Snow Melting Image

Falling snow is beautiful; but when it’s over, it leaves you with quite a bit to clean up. You could spend hours shoveling it off your driveway and walkway. And depending on where you live, you could be doing this a few times a month — or even a week! It only takes one good snowfall to start considering alternatives. You could buy a snow plow or hire a plowing service — or you could invest in a snow melting system that would remove the snow as it’s falling, eliminating the need to ever shovel or plow again!

As more and more homeowners learn about the benefits of a snow melting system, they become enlightened about how it works and how much it costs. Below are five things that most homeowners don’t know about a snow melting system.

1. It’s affordable.

Snow melt system installed in driveway If you have a long, double-wide driveway, you might think it’ll cost you an arm and a leg to install a snow melting system under your driveway. After all, the greater the square footage, the greater the cost. However, many people don’t know that you can save money by only heating the tire tracks. For instance, it would cost you less than $1,500 to heat the tire tracks of a 20- by 40-foot driveway.

To find out how much it would cost to heat your driveway or walkway, check out WarmlyYours’s Instant Quote tool.

2. It doesn’t leave behind water or ice.

We all know that when snow melts, you get water, which turns into ice if the temperature is low enough. So if you’re employing a snow melting system under your driveway, you might think you’d end up with a driveway full of water or ice. However, it’s quite the opposite. As long as your driveway was installed correctly, its surface will be clean and dry once the snow melting system’s heating cycle is complete. Say goodbye to black ice!

3. It operates under a variety of different surfaces.

A WarmlyYours snow melting system can be installed under asphalt, concrete or pavers. Homeowners who are more familiar with hydronic systems might think that they can’t heat their asphalt driveway because the heating element would melt as soon as it’s surrounded by hot asphalt. Hydronic tubing is susceptible to melting because of the high temperature of the asphalt; however, electric systems do not share this limitation. They are encased in a protective layer that allows them to be embedded in asphalt without melting.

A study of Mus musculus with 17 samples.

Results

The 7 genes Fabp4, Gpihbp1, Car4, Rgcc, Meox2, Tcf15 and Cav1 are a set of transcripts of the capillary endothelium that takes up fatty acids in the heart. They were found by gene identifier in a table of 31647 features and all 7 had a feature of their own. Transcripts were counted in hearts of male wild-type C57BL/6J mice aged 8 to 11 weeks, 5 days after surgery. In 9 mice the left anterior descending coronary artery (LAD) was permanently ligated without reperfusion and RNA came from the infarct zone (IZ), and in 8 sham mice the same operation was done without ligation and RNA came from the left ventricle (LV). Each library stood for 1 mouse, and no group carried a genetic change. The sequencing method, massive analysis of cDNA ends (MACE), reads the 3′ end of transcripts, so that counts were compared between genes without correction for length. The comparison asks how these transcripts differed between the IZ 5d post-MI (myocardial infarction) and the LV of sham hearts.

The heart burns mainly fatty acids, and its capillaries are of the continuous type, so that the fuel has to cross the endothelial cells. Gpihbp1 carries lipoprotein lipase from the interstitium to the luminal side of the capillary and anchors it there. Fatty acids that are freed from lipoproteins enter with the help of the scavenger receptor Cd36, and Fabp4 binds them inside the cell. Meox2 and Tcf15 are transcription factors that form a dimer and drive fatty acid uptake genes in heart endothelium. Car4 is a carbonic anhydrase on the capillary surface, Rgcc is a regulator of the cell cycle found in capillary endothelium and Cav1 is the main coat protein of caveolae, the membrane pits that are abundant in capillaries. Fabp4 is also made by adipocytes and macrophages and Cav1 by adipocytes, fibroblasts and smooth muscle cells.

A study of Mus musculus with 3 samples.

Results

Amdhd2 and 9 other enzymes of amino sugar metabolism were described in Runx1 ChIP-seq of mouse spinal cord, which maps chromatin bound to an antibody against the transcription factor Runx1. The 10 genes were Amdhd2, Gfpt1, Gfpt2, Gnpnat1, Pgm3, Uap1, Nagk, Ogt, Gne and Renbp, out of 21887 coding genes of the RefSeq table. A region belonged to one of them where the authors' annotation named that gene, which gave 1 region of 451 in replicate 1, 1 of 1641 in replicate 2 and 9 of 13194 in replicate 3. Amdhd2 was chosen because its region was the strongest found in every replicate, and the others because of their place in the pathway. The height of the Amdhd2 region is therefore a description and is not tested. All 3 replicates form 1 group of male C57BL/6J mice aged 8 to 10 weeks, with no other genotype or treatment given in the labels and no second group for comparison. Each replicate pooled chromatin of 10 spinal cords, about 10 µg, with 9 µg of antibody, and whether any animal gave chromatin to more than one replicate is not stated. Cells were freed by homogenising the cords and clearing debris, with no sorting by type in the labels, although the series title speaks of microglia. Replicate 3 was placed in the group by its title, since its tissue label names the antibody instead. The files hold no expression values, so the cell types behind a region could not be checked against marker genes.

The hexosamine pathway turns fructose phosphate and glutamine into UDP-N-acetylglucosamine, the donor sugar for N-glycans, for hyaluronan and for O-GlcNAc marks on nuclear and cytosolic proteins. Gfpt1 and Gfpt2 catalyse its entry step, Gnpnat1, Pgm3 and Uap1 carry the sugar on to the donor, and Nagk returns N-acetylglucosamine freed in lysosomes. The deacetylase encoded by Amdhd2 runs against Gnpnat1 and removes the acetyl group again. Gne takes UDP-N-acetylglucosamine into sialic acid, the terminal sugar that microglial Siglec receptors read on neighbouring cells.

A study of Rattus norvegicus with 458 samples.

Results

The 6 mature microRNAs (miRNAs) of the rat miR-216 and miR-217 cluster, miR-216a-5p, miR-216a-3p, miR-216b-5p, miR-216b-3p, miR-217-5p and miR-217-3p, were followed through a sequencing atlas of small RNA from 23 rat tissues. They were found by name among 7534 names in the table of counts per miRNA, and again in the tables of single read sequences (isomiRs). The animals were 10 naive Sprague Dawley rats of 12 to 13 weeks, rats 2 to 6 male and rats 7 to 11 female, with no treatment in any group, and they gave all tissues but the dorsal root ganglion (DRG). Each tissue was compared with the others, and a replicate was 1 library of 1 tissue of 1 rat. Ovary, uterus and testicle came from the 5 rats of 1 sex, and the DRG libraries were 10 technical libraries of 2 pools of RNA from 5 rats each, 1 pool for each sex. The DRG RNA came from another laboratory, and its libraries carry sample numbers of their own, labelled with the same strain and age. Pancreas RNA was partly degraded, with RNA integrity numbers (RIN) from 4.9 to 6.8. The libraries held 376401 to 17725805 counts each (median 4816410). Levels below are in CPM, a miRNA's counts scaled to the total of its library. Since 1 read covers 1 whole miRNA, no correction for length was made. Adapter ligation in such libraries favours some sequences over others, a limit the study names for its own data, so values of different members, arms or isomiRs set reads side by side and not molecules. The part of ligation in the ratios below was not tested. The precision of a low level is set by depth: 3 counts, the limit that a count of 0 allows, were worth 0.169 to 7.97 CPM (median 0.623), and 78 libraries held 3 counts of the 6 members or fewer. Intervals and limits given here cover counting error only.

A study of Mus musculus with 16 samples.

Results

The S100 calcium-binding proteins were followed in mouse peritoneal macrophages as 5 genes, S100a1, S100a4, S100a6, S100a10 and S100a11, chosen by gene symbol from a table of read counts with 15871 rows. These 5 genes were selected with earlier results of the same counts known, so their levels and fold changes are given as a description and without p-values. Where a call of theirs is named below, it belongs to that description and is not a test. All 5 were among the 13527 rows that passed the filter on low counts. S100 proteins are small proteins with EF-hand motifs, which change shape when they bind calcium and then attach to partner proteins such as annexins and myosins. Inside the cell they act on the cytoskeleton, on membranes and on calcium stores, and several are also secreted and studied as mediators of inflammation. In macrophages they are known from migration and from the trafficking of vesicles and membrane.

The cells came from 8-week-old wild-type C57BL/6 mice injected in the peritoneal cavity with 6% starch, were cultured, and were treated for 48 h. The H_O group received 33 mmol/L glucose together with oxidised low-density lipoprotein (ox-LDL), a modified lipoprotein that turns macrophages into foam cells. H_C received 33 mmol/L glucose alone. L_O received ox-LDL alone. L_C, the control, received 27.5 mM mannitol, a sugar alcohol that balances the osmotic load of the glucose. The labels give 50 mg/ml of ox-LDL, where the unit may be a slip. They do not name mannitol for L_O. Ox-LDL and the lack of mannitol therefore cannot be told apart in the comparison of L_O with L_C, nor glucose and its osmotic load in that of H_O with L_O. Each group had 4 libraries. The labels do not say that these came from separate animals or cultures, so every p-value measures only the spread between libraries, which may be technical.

Additionally, homeowners with paver driveways might not realize that a snow melting system is an option for them. WarmlyYours’s snow melting systems work well under asphalt, concrete and pavers!Homepage Snow Melting Background (Cropped)

4. It doesn’t demand a ton of power.

If you have a large driveway, you probably think that adding an electric snow melting system would require you to get a whole new circuit panel. However, WarmlyYours introduced a new control that allows you to avoid just that. By breaking the driveway into zones, the Power Modulator 3 control heats one section of the driveway at a time, thereby eliminating the need to upgrade your power supply.

5. It has practical limitations.

A snow melting system is a practical solution to a labor-intensive and potentially dangerous situation — shoveling snow puts a lot of stress on your body! However, like anything, it has its limitations. For instance, you shouldn’t install a snow melting system under your patio with the hopes of gaining “comfort warmth” year-round. In other words, a snow melting system will do its job in keeping your patio clear and dry, but it won’t emit enough heat to produce a comfortable space for you to lounge or entertain in while it’s cold outside. It can warm the patio surface but not the air above it.

Snow dusting on home drivewayAdditionally, if the outside temperature gets below 17 degrees Fahrenheit, the system will be disabled. According to the National Snow & Ice Data Center, the heaviest snowfalls typically occur when the temperature is between 15 and 32 degrees because snow requires some moisture in the air to form. However, if snow does accumulate when the temperature is less than 17 degrees, your snow melting system will disable its heating unit. This happens to prevent electrical costs from skyrocketing because your system is working overtime. In the end, you’ll save money by not having your snow melting system on in such cold temperatures, and you shouldn’t have much snow on your driveway anyway because of the temperature. It’s a rare scenario, but good for homeowners to know!

Now that you’ve learned some new things about snow melting systems, you can consider getting one for your home! To see what’s available and to get a quote, just visit www.warmlyyours.com. The spring is the best time to install a snow melting system, so why wait?